Re: Large animal extinctions: extinction-ex-astra

Cheradenine Zakalwe (
Mon, 8 Jul 1996 22:15:54 +0100

In article <31DF39D1.1378@IntNet.Net>, cyberguy <cyberguy@IntNet.Net>
>I have done more than one research paper on Tunguska. I recommend the
>book And the Fire Came By as well. Sorry to have to tell you but the
>official Russian research concluded that it was a nuclear explosion.
>There were TWO over flights, and the first one changed direction away
>from populated areas. There was the inevitable mushroom cloud, and
>radiation, trees fried on one side only (Heroshima like charing) and
>right under ground zero only the tops of the trees were snapped off. This
>ONLY happens with nukes as far as we know. And of course it was not an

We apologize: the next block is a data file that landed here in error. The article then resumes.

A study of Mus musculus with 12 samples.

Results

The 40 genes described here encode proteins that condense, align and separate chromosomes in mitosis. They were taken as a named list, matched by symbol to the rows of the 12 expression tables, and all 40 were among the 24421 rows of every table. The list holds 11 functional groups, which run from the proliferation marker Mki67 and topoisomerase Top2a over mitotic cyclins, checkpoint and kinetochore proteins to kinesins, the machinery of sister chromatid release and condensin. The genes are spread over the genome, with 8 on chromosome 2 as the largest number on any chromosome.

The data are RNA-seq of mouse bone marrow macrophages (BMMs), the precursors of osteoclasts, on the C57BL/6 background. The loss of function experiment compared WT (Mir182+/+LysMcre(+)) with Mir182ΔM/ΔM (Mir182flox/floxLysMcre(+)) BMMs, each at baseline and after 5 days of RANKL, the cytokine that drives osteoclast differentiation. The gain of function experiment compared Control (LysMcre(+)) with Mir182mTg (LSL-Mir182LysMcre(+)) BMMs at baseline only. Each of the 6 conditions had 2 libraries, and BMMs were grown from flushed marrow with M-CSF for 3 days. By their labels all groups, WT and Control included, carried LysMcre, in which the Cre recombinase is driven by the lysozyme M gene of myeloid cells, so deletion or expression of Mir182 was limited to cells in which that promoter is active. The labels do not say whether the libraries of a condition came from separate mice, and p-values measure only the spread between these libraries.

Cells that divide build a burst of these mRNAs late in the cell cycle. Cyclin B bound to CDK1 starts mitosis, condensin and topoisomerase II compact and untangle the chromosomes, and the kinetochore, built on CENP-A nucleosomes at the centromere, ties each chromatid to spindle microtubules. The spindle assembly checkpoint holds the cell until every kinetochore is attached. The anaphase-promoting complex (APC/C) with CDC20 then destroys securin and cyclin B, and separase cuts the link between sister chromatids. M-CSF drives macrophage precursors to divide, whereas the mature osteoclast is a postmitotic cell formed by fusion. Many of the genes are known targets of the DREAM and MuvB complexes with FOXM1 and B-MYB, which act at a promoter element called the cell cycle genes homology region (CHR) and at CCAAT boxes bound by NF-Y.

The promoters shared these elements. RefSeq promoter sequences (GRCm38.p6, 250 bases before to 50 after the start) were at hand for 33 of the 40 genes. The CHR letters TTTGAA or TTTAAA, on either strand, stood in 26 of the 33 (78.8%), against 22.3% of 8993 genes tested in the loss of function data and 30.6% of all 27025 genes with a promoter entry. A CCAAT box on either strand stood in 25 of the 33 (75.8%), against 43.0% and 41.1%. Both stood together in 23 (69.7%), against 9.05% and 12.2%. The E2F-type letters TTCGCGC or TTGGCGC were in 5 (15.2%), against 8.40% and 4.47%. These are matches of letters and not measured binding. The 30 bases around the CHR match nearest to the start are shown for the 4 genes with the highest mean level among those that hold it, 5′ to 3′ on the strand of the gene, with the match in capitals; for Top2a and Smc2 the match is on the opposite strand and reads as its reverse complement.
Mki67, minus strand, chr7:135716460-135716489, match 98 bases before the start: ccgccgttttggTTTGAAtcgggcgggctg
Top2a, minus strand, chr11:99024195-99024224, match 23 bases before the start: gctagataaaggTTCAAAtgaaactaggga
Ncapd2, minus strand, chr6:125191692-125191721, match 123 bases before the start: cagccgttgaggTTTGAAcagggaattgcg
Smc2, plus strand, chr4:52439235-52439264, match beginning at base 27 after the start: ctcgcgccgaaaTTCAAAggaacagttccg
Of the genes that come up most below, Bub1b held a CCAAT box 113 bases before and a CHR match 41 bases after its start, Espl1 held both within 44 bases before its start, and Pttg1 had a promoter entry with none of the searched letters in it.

>anti matter meteor because of the hight of the final explosion. How big
>would a chunk of rock (anti rock?) have to be to survive a plunge through
>the atmosphere to something over a mile up? Just as they did in
>Heroshima, they triangulated the detonation point. Also, there were
>microscopic metal fragments in the soil - radiation pattern in the soil
>too. The guy the Ruskies sent to investigate Hero happened to have been
>on one of the original investigators sent to Tungusaka site. There was an
>additional investigation later. Sooo... all is not what it seems on this
>planet. The biggest cause of extinctions on this planet by observation is
>MAN. We have gone from caves to Space shuttles in 10,000 years. How many
>times can that happen in several billion years? Personally (and this is
>more or less in fun) I am waiting for someone to announce the finding of
>a coke bottle in a geological discontinuity - or some ancient beer can.
>After all, if you dig down under 7 8 9 mud hut 'civilizations' in the
>middle east, you find green glass - as in Trinitite.

You are either crazy, or this is a very good troll.